Simon Vance and Scott Brick have narrated thousands of audiobooks, including the Dune series. They tell us about their contributions to the Dune universe.
Simon Vance and Scott Brick have one of the coolest jobs in the world
if you’re a giant book nerd: professional audiobook narrators. Between the two of them, they’ve narrated thousands of books, many of them in the science fiction genre, and they’re by no means done. In fact, Brick has a new audiobook out right now: Dune: The Duke of Caladan, the latest in Brian Herbert and Kevin J. Anderson’s series of Dune books that expand on the original sci-fi classics by Frank Herbert.
We talked to both Vance and Brick about their careers, Dune, sci-fi, and more. Watch our discussion below, and then we’ll hit the highlights!
Scott Brick is “a pillar of the Dune universe”
Vance and Brick worked together on several of Frank Herbert’s original six Dune books, but for the prequels and sequels, Brick has flown pretty much solo, becoming the go-to guy whenever Macmillan Audio wants to record another installment of the saga.
And Brick sounds just fine with that, considering that Dune is one of his favorite series of all time. And his connections to it go deep. He told us about how he got in touch with Frank Herbert’s son Brian early in the process, and how they “just hit it off.” Over time, he even created the Dune phonetic glossary, an index of all the made-up words in the series and how to pronounce them correctly.
“We started with the 500 words in the original volume,” Brick explained. “[Brian Herbert] had recordings that his father had made…We used those as a guide.” They’re up to about 1,900 now. The glossary has been so useful that Brian told Brick that he was “a pillar of the Dune universe,” a compliment if there ever was one.
On David Lycnh’s Dune
Dune has been around since the ’60s, but the only big screen version to actually make it to theaters was David Lynch’s 1984 version, with Kyle MacLachlan as Dune. Lynch himself has basically disowned this feature, and Brick and Vance can see where he’s coming from. “They took it out of his hands and they cut it, and they did the worst thing possible, which is that voiceover stuff,” Vance said.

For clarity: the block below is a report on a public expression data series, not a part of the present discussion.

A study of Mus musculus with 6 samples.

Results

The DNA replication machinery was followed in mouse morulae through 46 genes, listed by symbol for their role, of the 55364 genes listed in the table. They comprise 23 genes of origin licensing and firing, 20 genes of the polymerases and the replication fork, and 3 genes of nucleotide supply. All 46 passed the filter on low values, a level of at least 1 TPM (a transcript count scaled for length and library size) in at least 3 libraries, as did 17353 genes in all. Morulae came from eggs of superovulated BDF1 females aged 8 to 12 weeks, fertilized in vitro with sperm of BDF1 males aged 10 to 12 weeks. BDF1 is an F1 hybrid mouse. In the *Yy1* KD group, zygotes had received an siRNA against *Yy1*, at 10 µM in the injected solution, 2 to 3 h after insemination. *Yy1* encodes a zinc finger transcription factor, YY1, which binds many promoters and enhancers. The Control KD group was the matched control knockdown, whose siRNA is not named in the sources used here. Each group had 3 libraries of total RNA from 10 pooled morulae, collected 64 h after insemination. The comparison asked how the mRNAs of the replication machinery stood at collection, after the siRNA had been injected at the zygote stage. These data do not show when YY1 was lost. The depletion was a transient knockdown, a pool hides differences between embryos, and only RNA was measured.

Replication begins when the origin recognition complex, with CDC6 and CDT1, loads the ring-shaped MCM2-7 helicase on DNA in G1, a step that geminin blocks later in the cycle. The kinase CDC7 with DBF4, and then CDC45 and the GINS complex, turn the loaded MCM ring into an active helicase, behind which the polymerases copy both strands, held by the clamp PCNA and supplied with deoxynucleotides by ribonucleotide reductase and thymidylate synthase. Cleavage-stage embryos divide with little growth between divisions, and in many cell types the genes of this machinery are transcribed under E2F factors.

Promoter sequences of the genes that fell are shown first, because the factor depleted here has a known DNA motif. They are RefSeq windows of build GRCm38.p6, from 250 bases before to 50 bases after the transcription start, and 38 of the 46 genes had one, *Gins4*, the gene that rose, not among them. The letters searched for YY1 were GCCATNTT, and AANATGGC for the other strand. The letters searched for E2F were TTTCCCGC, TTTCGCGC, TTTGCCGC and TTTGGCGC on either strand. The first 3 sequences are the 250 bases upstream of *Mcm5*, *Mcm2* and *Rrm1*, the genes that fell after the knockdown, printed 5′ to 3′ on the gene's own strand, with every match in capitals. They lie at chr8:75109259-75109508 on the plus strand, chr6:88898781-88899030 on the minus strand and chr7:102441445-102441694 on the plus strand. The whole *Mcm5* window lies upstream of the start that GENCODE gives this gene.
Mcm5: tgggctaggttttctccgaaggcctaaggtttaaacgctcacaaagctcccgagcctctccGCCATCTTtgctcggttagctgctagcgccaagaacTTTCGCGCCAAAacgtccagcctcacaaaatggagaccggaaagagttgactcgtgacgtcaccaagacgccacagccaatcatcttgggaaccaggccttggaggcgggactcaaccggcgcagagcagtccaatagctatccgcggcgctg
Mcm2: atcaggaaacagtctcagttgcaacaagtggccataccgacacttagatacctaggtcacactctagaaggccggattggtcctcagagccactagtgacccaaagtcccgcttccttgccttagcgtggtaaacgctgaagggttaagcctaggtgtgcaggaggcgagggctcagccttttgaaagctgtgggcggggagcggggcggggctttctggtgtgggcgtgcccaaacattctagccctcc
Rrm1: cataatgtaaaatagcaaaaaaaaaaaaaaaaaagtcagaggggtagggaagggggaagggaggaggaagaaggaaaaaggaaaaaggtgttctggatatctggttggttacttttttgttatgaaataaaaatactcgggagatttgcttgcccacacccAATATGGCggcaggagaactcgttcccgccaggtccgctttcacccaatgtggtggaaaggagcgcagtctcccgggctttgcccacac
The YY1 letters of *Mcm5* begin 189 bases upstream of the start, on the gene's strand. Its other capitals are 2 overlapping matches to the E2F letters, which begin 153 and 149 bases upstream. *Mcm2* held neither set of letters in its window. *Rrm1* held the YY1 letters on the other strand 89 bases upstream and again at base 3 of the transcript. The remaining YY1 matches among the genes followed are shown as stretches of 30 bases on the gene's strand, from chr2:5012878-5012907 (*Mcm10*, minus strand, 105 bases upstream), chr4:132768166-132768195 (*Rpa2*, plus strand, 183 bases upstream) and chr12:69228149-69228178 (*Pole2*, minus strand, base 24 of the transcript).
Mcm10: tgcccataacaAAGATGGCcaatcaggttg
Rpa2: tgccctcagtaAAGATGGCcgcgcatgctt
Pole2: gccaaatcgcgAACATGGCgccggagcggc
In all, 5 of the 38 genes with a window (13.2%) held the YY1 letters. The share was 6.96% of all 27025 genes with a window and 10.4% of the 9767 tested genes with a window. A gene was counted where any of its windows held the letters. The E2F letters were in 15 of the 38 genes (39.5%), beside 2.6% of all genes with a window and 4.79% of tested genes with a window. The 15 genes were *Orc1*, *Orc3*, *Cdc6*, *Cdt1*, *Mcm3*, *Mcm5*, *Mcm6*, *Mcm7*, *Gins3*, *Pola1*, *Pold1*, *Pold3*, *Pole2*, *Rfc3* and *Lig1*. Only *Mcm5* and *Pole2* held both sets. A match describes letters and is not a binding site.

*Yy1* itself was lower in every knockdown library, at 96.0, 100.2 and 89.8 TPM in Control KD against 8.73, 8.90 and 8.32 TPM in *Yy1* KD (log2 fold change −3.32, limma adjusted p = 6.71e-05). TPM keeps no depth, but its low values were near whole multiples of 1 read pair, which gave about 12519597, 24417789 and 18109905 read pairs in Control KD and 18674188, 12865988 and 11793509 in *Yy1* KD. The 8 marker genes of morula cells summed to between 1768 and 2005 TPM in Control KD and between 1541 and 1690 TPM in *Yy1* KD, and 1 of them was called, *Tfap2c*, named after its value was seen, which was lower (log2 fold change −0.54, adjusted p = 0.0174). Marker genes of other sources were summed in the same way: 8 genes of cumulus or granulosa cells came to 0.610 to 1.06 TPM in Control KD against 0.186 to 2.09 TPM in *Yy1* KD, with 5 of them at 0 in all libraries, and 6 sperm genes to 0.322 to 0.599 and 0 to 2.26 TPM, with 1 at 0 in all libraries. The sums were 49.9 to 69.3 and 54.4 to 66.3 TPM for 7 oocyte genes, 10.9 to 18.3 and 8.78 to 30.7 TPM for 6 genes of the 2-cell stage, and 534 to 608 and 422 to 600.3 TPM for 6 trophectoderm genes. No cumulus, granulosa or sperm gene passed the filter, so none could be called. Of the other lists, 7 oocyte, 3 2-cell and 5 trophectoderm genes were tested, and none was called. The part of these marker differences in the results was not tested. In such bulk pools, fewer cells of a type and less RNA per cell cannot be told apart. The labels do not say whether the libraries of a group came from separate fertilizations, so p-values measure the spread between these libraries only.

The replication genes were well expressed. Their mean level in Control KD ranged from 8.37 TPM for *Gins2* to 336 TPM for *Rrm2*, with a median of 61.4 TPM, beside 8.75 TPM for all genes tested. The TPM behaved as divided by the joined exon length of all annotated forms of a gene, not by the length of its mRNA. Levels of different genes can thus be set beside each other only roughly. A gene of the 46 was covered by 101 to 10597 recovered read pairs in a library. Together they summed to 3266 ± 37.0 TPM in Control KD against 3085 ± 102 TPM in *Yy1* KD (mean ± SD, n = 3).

“I think if we could’ve seen David Lynch’s version, it would have been marvelous,” Brick said. But he was getting signals that it wasn’t going to turn out well early on, from a PA who was working on the movie back when Brick had a job as a waiter. Apparently, Lynch’s ideal version was over four hours, but the PA had bad news about that:
“It’s three hours and 20 minutes right now, and they think that’s too long, so they’re probably gonna cut it.” They cut it down to, like, two hours and 20 minutes. If he thought it was too short at three hours and 20 minutes…I think it was doomed from the start. There are parts of it that I love.
That said, both men like things about the movie. Brick may take issue with the pronunciations of names like “Harkonnen” and “Shaddam,” but he does love José Ferrer’s performance as the Emperor of the Known Universe.
Touchingly, Brick also remembered a special screening of the movie given to benefit the hospital where Frank Herbert’s wife Beverley was being treated when she died. She did not make it to see it complete, and when Frank got on stage to introduce it, he burst into tears. “This is for Bev,” he said.
Finally, Vance advised that it may be the kind of thing you just had to be there for: “It was the mid-80s. It was the year of orange BMWs and shoulder pads…It fitted in in a strange way, so I really enjoyed it, but history has not been kind to it.”
Dune: The Duke of Caladan
The latest Dune book, The Duke of Caladan, explores the period before the Duke Leto Atreides took his family to the desert planet of Dune. Caladan is a much lusher, wetter world than Arrakis, but there are still dangers and plots aplenty.
There’s also a more personal dimension to it. “Brian didn’t get to spend much time with his parents,” Brick said. “They died far too young. And I think in many ways this was wish fulfillment for him as well, imagining a world where Paul and Leto were together more often.”